Juice Jam 2019 rocks Skytop Field
Juice Jam 2019 rocks Skytop Field
This year’s Juice Jam lineup of trendy emerging artists and one of rap’s biggest names paired well with the high-energy enthusiasm from a few thousand students at University Union‘s school-year opening concert.
Partly sunny skies and a steady breeze helped beat the heat — a welcome change from last year’s 90 degree temperatures that caused some performers to cut their sets short.
So Sunday’s atmosphere seemed just about perfect as the Juice Jam lineup topped by headliner 21 Savage and the audience kept each other hyped throughout the afternoon of live music and revelry after a couple weeks of classes.
Kilo Kish immediately set the tone by walking on stage in a pastel pink dress and glitter eyeshadow, drawing the attention of the few audience members present with her style and voice. The rapper proceeded to jump and sing with enthusiasm, encouraging those watching to move along as well to the song “Like Honey” off of her most recent EP mothe.
Backstage, Kilo Kish went into greater detail about how her hobby of making music has evolved into an art form.
“I like to make things that feel like myself,” the 29-year-old artist said. “My reasoning for doing art is pure.
“I’m not necessarily doing it to make hit songs, I’m doing it to express myself.”
Led by singer Matt Quinn, Philadelphia indie rockers Mt. Joy attracted a sizable crowd by the time they played their first song. The band’s attire notably mirrored several students in the crowd with similar sweater and flannel looks. Mt. Joy’s fans enthusiastically sang and danced along to tracks such as “Silver Lining” as the band wrapped its bright and upbeat set.
Those less interested wandered off to grab an early spot for Fletcher at the other stage. A handful of students went to partake in the bounce houses and concession stands on the edge of the concert grounds.
A large audience gathered even before Fletcher took the stage with students eagerly lining up to secure a place near the front. Screams and claps immediately filled the air as the pop singer walked on.
The melancholy nature of Fletcher’s opening song, “If You’re Gonna Lie,” contrasted with Juice Jam’s upbeat mood, but managed to attract even more listeners. As she went through her setlist, the crowd began singing along more, especially once she asked, “Do any of you guys have a shitty ex? If you do, you’re gonna like this song.”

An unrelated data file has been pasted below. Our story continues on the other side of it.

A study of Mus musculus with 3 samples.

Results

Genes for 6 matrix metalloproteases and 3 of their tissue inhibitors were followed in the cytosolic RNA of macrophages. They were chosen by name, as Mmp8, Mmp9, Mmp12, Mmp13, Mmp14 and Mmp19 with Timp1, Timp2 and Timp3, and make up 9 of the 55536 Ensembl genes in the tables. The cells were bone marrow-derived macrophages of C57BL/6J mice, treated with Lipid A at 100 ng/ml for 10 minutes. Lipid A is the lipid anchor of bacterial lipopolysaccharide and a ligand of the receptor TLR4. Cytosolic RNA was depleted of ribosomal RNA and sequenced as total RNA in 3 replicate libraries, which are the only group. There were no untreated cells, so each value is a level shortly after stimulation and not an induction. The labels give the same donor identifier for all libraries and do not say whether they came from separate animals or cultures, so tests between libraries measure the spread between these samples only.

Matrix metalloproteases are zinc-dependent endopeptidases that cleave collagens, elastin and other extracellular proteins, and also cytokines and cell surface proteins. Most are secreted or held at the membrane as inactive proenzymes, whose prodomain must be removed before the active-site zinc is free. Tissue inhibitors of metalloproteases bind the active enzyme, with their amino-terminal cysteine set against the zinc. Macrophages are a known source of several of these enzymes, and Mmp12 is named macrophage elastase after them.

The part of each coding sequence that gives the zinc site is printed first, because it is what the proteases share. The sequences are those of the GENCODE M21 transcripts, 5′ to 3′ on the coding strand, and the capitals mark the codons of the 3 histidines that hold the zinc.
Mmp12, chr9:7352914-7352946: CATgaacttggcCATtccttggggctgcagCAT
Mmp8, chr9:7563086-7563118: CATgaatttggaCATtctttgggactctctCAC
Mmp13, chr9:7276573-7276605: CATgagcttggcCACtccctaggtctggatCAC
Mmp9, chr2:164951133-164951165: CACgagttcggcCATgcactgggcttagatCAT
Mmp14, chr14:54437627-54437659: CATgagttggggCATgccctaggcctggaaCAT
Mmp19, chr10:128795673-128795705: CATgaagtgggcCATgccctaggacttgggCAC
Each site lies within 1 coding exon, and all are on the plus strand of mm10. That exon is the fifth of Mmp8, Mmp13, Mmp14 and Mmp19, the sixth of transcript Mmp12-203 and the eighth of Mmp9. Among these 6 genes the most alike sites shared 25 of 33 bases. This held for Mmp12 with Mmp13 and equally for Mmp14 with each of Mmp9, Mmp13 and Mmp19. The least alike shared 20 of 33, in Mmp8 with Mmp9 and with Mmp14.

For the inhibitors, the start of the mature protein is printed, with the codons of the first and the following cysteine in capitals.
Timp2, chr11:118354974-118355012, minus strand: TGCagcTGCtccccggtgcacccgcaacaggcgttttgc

During a preshow interview, Fletcher described her approach to songwriting as personal.
“I think the way that I like to classify my music is aggressive and vulnerable and TMI,” the 25-year-old New Jersey native said. “Everything that I write about is something that happened to me, it’s very much like a diary.
“I wear my heart on my sleeve only because I wish I had an artist to look to like that when I was growing up.”
The Atlanta-based hip-hop duo EarthGang seemed to also be eagerly anticipated as students flooded the main stage minutes before their set. The high energy of the crowd was obvious as students began to jump, put their hands up, and sing along to the music as they waited.
When the duo actually appeared, they circled the stage in brightly colored neon jackets and vests and lead people to chant along with them. EarthGang kept people engaged as they played songs, including “Meditate” and “Top Down” off of their most recent album, Mirrorland.
The duo directed the crowd to open up a mosh pit, participate in a moment of meditation, and invited multiple students on stage to dance. As they ended the set, the duo thanked the crowd for their enthusiasm. “You clearly f— with our energy and we f— with yours.”
With the audience already buzzing after EarthGang’s performance, it was no surprise that headliner 21 Savage drew the largest and loudest response from the day’s crowd.
The U.K.-via-Atlanta rapper’s setlist spanned his critically praised work such as “a lot” and “monster” along with mega hits like his Post Malone collaboration “Rockstar.”
Compared to EarthGang’s energetic set prior, 21 Savage appeared subdued as he casually strolled around the stage, letting the track play or pointing the microphone at the audience instead.
Regardless, students remained hyped, continuing to dance and follow along. 21 Savage had the exhausted but smiling crowd cheering until Juice Jam’s final moments.